I always expected to be hitchhiking to Asia some day. The proper way to do it seemed to be by making a two or three year long trip, and spend this time living in the Middle-East, exploring India, Nepal, Tibet, Indonesia and Lao, and many other countries on the way. There’s nothing quite like slowly travelling 1000’s of kilometers overland, and seeing the landscape, customs and climate change little by little, while all the time meeting random friendly people on the road.
Today there are no little changes though. My whole biorhytm just got shifted by five hours, the climate just went from nice & fresh to very hot and humid, not to mention that I’m 8600 kilometers from home, deep into Asia.
One of the first things I notice is a huge sign above a road outside the terminal: “We love our King”. The customs is surprisingly easy and fast, a bunch of stamps get stamped on papers, a picture gets taken of me, and just 40 seconds later I can move on.
Just as with hitchhiking, right after the customs and fresh into an alien country, is when things can get quite overwhelming: a new country, an alphabet which I can’t read and a lot of people eager to earn some money: “Hello my friend, how are you doing! Where are you going?” To which I reply: “To Indonesia my friend, to Indonesia.”, which usually leaves them just confused enough not to push on anymore.
This is Bangkok after all.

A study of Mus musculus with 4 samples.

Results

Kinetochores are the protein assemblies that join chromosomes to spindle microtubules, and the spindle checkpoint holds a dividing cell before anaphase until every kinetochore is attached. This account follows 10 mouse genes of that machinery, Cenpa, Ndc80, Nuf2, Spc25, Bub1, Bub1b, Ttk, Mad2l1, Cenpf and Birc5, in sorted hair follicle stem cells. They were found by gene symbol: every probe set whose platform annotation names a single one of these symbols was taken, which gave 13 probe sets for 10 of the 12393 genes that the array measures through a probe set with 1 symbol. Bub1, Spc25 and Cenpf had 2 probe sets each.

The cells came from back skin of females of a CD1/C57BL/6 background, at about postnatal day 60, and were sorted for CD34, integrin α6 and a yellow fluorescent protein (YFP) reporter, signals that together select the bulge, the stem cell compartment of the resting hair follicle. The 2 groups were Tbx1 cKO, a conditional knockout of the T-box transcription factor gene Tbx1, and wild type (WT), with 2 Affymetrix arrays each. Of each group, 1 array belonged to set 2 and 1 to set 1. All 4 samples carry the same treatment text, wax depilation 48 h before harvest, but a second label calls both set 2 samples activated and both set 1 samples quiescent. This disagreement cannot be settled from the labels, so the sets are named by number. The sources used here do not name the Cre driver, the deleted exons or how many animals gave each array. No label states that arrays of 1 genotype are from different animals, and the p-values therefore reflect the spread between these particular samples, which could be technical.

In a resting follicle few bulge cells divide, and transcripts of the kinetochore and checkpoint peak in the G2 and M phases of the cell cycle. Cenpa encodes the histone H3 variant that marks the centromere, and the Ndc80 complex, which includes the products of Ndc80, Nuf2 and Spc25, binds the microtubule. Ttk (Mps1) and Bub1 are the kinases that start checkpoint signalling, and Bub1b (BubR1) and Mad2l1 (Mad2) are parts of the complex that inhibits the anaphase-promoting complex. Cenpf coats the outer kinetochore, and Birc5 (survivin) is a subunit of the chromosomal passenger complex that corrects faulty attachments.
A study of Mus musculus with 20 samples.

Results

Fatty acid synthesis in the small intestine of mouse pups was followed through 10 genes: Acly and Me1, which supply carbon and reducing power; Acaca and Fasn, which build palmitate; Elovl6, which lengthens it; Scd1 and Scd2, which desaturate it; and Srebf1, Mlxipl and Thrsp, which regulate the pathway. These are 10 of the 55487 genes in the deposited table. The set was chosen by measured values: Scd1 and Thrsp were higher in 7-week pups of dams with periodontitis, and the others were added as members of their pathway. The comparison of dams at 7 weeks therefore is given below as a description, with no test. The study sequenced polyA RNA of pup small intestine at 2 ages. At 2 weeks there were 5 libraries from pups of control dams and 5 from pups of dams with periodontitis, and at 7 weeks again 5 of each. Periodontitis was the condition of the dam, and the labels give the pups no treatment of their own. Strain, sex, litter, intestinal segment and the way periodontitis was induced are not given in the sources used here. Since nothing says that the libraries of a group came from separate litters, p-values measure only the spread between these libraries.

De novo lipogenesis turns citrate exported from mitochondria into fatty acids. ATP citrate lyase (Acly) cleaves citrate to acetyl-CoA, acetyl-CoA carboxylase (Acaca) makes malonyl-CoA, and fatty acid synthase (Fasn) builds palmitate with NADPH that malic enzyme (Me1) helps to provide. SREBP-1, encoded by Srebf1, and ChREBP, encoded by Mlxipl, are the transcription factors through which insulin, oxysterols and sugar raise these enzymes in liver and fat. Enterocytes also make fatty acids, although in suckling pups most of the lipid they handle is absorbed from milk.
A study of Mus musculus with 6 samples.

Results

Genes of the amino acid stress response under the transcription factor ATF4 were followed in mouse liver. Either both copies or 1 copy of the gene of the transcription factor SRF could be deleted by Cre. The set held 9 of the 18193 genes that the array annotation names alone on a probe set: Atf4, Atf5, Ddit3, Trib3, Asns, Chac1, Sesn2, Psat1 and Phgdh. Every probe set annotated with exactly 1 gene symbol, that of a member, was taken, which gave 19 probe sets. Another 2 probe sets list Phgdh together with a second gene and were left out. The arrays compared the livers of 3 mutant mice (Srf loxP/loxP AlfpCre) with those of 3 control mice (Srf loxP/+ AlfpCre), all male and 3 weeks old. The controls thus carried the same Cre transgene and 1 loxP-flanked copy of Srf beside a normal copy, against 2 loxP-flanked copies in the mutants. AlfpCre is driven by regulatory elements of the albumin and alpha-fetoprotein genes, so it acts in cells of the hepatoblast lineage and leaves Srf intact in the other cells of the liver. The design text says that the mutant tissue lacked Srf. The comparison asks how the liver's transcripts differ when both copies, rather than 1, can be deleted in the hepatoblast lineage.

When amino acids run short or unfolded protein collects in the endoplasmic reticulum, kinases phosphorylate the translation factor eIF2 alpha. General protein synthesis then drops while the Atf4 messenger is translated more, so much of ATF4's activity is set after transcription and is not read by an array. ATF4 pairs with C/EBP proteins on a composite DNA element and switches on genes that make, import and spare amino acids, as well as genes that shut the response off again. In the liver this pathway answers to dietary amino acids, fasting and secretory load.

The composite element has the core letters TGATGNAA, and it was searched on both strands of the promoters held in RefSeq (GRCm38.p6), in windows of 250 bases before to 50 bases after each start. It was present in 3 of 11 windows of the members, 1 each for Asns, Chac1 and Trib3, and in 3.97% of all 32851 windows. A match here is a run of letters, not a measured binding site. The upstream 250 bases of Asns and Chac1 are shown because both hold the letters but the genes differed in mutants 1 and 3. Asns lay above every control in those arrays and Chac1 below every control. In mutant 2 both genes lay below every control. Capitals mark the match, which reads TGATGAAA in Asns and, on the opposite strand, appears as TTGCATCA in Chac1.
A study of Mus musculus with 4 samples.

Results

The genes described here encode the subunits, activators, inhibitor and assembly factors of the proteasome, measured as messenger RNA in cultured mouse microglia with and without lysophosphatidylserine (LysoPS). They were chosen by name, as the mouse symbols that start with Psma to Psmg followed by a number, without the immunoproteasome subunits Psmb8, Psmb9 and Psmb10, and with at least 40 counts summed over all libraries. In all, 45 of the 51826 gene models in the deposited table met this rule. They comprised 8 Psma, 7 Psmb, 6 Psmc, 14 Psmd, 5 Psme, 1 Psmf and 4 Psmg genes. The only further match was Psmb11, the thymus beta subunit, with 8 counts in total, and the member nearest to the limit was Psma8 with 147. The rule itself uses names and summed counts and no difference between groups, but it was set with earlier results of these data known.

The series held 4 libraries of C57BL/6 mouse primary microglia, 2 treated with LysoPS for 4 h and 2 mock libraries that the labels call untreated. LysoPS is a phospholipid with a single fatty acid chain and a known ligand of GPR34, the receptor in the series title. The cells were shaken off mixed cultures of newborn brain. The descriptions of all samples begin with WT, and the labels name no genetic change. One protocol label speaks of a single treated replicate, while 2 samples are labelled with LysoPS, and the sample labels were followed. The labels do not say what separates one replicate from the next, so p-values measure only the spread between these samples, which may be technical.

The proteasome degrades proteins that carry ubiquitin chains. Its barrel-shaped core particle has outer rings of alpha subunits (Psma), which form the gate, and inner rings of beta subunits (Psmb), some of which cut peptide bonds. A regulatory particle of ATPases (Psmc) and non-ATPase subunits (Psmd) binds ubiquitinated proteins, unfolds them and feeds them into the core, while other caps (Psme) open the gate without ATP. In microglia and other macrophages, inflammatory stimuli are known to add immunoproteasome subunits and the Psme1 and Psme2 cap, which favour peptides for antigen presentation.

I still have another 3000 kilometers to go. Not by plane though, I’ve flown enough. Now that I’m here I’ll travel the rest by land. A small coincidence that I got a plane from Berlin to Thailand, but now that I’m here, I’m here. The first thing I did after seeing the offer for the flight ticket was to check hitchwiki for information about Thailand, Malaysia and Indonesia. All seemed well, and I especially like the page for Malaysia, which says:
“Malaysia is a country in South East Asia.
It’s nice for hitching. you have a real expressway running on the North South axis from the Thai border, to Kuala Lumpur, to Singapore. Stay on the gas stations with the nice food stalls. It is pretty easy to get a ride there. In rural areas too.”
For now I Bangkok I’ll take a few days to adjust to Asia. It should be easy, not in the least since I’ve a comfortable place to stay with a couchsurfer, Mary, who lives not to far from the city centre, and has been a great friendly help so far.